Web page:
Aaron Robertson

February 6, 2020, 12:57pm

When I read Marilynne Robinson’s novel Gilead (2004) for the first time a couple of years ago, I felt grateful to have found a book that eschewed cynicism in favor of earnestness and sincerity. Graduate school was on my mind at the time. I was reading so much theoretical writing that I feared I was losing the ability to read a story and appreciate it on its own terms, without overanalyzing.

Immediately, the story of John Ames, a dying Congregationalist minister in the fictional town of Gilead, Iowa, assured me that my worries were unfounded. Through Ames, Robinson explored matters of faith, forgiveness, jealousy, parenthood, and familial inheritance. Ames contemplated his impending death while reflecting on the books and thinkers he admired, admiring the plain beauty of laughter, telling us about the love he had for wife, Lila, and offering prayers for their young son, to whom Gilead is addressed.

Last fall, various publications included Gilead in their end-of-decade roundups of the best and most influential books of the 21st century so far. Barack Obama famously kept the book on him while he was campaigning in Iowa. It seems appropriate that the last novel in Robinson’s Gilead quartet (the author followed Gilead with Home in 2008 and Lila in 2014) will be published one month before this year’s presidential elections.

Jack will tell the story I’ve been wanting to hear since the titular character was introduced in Gilead as the troubled son of John Ames’ best friend, Robert Boughton. Jack Boughton was the closest thing Gilead had to an antagonist, a man who returns to his childhood home after many years away to gauge whether the town would be a suitable place to bring his new family.

The catch is that Jack’s common law wife is an African American woman, and this is a conservative Midwestern town in 1956 whose black residents have long since left. John Ames is suspicious of Jack until the end of Gilead, when Jack confesses that he hasn’t told his family about his wife and son. The novel concludes with Jack leaving Gilead once again. The reader can’t be certain what happens to him next.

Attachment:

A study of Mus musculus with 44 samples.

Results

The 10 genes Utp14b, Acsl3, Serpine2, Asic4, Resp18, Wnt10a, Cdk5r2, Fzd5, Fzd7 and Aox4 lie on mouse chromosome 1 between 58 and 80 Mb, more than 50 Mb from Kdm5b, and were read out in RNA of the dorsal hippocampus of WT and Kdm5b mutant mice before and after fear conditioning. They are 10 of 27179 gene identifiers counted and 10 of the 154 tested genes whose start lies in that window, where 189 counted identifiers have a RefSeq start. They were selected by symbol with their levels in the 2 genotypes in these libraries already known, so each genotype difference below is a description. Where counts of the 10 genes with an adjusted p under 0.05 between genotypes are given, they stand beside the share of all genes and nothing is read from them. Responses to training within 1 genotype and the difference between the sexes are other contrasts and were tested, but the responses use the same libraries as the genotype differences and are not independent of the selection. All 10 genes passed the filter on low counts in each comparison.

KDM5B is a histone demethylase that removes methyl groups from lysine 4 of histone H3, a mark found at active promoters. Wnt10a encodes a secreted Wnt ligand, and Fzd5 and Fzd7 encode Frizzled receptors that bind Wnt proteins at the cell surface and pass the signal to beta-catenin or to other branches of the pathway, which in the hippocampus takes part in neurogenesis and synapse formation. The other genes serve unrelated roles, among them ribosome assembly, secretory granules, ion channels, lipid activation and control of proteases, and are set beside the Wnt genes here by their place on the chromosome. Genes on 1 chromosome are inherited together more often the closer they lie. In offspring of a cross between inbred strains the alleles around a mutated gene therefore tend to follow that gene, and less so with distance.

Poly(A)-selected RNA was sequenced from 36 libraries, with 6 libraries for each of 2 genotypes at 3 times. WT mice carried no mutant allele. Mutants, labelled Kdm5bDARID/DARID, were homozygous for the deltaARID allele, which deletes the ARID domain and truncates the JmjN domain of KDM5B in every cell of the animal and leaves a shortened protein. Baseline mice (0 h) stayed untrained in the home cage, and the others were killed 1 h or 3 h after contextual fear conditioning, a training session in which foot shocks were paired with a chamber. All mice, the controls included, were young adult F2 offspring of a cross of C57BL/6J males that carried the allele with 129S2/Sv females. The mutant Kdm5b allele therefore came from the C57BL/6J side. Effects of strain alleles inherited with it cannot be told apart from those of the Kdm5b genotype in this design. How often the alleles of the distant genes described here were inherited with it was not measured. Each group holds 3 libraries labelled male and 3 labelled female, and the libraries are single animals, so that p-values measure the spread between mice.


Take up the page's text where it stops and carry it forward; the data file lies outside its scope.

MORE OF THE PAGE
I’m thinking of Robinson’s decision to tell the story of Jack Boughton’s romance with Della Miles, the black high school teacher who he will one day marry, days after President Donald Trump delivered his third State of the Union address, in which he took credit for improving the economy for African Americans and also gave talk show host Rush Limbaugh, a bigot who has been central to the dissemination of archconservative talking points, the Presidential Medal of Freedom.

It’s remarkable that Jack, a fictional character a few generations removed from the Civil War, seems more genuinely tormented by his country’s racial mores than the current American president. Jack must weigh his romantic allegiance against social pressures at a time when laws banning interracial marriage in various states were commonplace (and would remain until 1967).

I’m looking forward to seeing how Robinson handles the relationship between Jack and Della—a good analogy, perhaps, for the substantial challenges and joys of intercultural “cohabitation” on a national scale. It sounds like some kind of recknoning with a past we have obviously not left behind.